1911 Encyclopædia Britannica/Parnell, Thomas

16963431911 Encyclopædia Britannica, Volume 20 — Parnell, Thomas

PARNELL, THOMAS (1679-1718), English poet, was born in Dublin in 1679. His father, Thomas Parnell, belonged to a family (see above) which had been long settled at Congleton, Cheshire, but being a partisan of the Commonwealth, he removed with his children to Ireland after the Restoration, and purchased an estate in Tipperary which descended to his son. In 1693 the son entered Trinity College, Cambridge, and in 1700 took his M.A. degree, being ordained deacon in the same year in spite of his youth. In 1704 he became minor canon of St Patrick's Cathedral and in 1706 archdeacon of Clogher. Shortly after receiving this preferment he married Anne Minchin, to whom he was sincerely attached. Swift says that nearly a year after her death (1711) he was still ill with grief. His visits to London are said to have begun as early as 1706. He was intimate with Richard Steele and Joseph Addison, and although in 17 11 he abandoned his Whig politics, there was no change in the friendship. Parnell was introduced to Lord Bolingbroke in 1712 by Swift, and subsequently to the earl of Oxford. In 1713 he contributed to the Poetical Miscellanies edited for Tonson by Steele, and published his Essay on the Different Styles of Poetry. He was a member of the Scriberlus Club, and Pope says that he had a hand in "An Essay of the learned Martinus Scriblerus concerning the Origin of Sciences." He wrote the "Essay on the Life and writings and learning of Homer"[1] prefixed to Pope's translations, and in the autumn of 1714 both were at Bath together. In 1716 Parnell was presented to the vicarage of Finglass, when he resigned his archdeaconry. In the same year he published Homer's Battle of the Frogs and Mice. With the remarks of Zoilus. To which is prefixed, the Life of the said Zoilus. Parnell was in London again in 1718, and, on the way back to Ireland, was taken ill and died at Chester, where he was buried on the 24th of October.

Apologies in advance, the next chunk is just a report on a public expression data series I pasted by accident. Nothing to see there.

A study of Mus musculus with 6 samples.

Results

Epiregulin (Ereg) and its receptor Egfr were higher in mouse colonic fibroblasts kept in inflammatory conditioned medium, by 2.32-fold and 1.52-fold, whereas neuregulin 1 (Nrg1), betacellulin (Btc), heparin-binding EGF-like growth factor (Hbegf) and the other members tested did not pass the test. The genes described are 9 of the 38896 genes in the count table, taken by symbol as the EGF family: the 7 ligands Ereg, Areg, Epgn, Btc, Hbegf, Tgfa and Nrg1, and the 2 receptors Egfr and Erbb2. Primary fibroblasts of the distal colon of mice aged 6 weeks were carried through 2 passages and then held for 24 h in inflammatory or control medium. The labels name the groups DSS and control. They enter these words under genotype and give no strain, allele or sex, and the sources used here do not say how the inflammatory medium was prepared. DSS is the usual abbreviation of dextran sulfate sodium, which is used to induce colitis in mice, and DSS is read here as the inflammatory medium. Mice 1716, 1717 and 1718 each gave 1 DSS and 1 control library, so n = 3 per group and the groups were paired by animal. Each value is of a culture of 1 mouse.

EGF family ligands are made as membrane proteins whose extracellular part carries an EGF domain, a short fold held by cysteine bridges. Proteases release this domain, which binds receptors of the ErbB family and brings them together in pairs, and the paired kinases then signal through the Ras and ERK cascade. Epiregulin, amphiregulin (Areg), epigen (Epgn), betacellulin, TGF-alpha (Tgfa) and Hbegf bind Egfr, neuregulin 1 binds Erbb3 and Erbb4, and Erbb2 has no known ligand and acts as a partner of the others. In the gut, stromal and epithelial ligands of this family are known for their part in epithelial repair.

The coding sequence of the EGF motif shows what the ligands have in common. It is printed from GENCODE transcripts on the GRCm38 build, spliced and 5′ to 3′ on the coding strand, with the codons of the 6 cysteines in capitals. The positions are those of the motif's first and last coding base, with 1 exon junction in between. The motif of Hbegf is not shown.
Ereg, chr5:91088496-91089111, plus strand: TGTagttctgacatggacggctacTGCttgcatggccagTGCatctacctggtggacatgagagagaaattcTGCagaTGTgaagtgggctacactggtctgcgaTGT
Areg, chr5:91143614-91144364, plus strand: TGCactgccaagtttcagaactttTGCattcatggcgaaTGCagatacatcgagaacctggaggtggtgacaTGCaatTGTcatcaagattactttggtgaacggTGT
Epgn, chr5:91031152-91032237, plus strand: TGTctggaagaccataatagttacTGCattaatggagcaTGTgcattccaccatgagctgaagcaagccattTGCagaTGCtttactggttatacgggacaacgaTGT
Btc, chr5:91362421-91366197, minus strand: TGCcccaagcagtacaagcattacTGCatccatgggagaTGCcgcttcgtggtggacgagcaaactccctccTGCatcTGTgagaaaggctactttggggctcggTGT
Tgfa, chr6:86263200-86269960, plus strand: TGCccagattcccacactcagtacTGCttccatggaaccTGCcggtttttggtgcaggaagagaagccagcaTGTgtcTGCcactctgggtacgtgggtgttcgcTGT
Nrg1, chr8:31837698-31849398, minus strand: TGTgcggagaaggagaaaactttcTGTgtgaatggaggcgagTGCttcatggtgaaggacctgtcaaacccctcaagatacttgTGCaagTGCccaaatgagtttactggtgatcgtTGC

Parnell's best known poem is "The Hermit," an admirably executed moral conte written in the heroic couplet. It is based on an old story to be found in the Gesta Romanorum and other sources. He cannot in any sense be said to have been a disciple of Pope, though his verse may owe something to his friend's revision. But this and other of his pieces, "The Hymn to Contentment," "The Night Piece on Death," "The Fairy Tale," were original in treatment, and exercised some influence on the work of Goldsmith, Gray and Collins. Pope's selection of his poems was justified by the publication in 1758 of Posthumous Works of Dr Thomas Parnell, containing Poems Moral and Divine, and on various other subjects, which in no way added to his fame. They were contemptuously dismissed as unauthentic by Thomas Gray and Samuel Johnson, but there seems no reason to doubt the authorship.

In 1770 Poems on Several Occasions was printed with a life of the author by Oliver Goldsmith. His Poetical Works were printed in Anderson's and other collections of the British Poets. See The Poetical Works (1894) edited by George A. Aitken for the Aldine Edition of the British Poets. An edition by the Rev. John Mitford for the same series (1833) was reprinted in 1866. His correspondence with Pope is published in Pope's Works (ed. Elwin and Courthorpe, vii. 451-467).

  1. Pope acknowledged the essay with affectionate praise, but in 1720 he said it was written "upon such memoirs as I had collected," and later he complained of its defects, saying it had cost him more pains to revise than it would have done to write it.